The former MVP has gone cold in March, and Houston’s chances to rebound lie in the Rockets’ ability to do what they always do: shoot through it

Getty Images/Ringer illustration

No player slumps like James Harden. When he’s cold, he’s absolutely frigid; his stats are appalling. That’s what happens when there’s no shame in shooting through it. Last Thursday, for example, down 25 points to the Clippers, Harden followed his seventh missed 3 by letting an eighth attempt fly a couple of minutes later. Sure enough, it didn’t go in. I’ve always admired the freedom that Harden has on the Rockets, the way he shoots without inhibition or concern of Mike D’Antoni benching him. The point of this entire Houston experiment is to shoot often; doing it well might just win you a scoring title or an MVP or both. But this system can also feel confining, as the problem (bad 3-point shooting) is also the solution (more 3-point shooting). Leaning into disaster is part of the Harden experience. There’s no hiding the slump, only doubling down until it goes away. So when Harden falls, the Rockets plunge.

And it’s happening right now. Houston has lost four straight games, including three to lottery teams. Over that stretch, Harden has shot 32.5 percent overall, 19 percent from 3, and averaged, marvelously, 26 points. (That’s still a higher count than LeBron James is averaging on the season, and Harden’s doing it on 32.5 percent shooting. I hate it here.) His recent shooting woes have been compounded by a general sloppiness. Harden has averaged 5.3 turnovers since the first loss in this recent skid, which would lead the league and then some if it applied to the entire season. He even notched a quadruple-double against the Hornets—getting in the double digits in points, assists, rebounds, and ... turnovers.

I’m sure Harden’s recent tumble has induced strong schadenfreude for Bucks fans. His struggles began not long after his poke at Giannis Antetokounmpo: “I wish I could be 7 feet and run and just dunk,” he said in February. “Like that takes no skill at all. I gotta actually learn how to play basketball and how to have skill.” Harden is undoubtedly one of the most skilled players in the game, but the coincidental timing of this collapse completely undercuts his argument about Giannis.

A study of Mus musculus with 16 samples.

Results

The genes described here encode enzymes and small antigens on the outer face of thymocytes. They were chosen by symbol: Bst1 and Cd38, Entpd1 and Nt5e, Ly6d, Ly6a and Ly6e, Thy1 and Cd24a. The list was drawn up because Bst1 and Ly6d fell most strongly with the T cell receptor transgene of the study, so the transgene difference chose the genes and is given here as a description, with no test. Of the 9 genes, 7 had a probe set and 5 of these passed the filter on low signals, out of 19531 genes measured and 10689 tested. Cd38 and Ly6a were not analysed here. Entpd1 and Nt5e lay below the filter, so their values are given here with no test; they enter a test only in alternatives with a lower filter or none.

Of course, basketball karma isn’t the reason Harden is having problems. Part of it is the nature of his game. Even the best players suffer off periods through their careers, but his look worse because he attempts so many shots, a habit that, when he’s the Harden we know and love (at least some of us do), leads to those incredible 40- and 50-point performances. But when he’s off, he sometimes digs holes that no team can climb out of. His woeful performances are also exacerbated by the fact that he’s playing next to Russell Westbrook. Barring newfound efficiency in this stage of his career, Westbrook will go down as one of the streakiest-shooting superstars of this era. While Westbrook has been playing well of late, the Rockets need Harden to be reliable because they know their other superstar isn’t always that.

This is far from the first slump of Harden’s career. The most memorable ones have come during the playoffs. His collapse in the 2017 Spurs series might be his worst to date, and remains one of the largest cases for the disastrous myth that is Playoff Harden.

March has been bad for Harden, which means it’s been terrible for Houston. It began with an ugly loss to the Knicks last Monday. Allowing Frank Ntilikina to hit double-digit points for the 10th time all season should’ve been the first indication of inexplicable trouble ahead. The Rockets also dropped games against the Clippers, Hornets, and Magic, and in just six days went from having a decent chance at the second seed to the sixth spot. (One spot above, in fifth, is Oklahoma City. Considering the two franchises’ long-term and short-term trade history, this should count as a fifth loss.)

It would be an oversimplification to put Houston’s problems solely on Harden. The defense overall has dropped off significantly. Eric Gordon missed the past two matchups, and Westbrook was out against the Hornets. Westbrook, who’s been otherwise stunning in the Rockets’ funky smallest-ball lineup, has also contributed to turnovers.

“Eight days ago we were rolling, and then all of a sudden the bottom fell out,” D’Antoni said after the Magic loss. “We’re searching a little bit for answers, and we’ll find them. … It’s so bad that we’ve got to find a little spark, a little swagger.”

An overreliance on Harden is nothing new for the Rockets. Nor for the league. It takes an outstanding group of role players to mitigate a bad stretch by their team’s superstar. Most franchises depend on their elite talent, but few are prone to such capriciousness. The bet you’re taking with Harden is the same that you take incorporating Moreyball. The high points are record-breaking performances. The lows are bottoming out with no backup plan in place except to shoot through it, whether it takes a quarter or a stretch of games.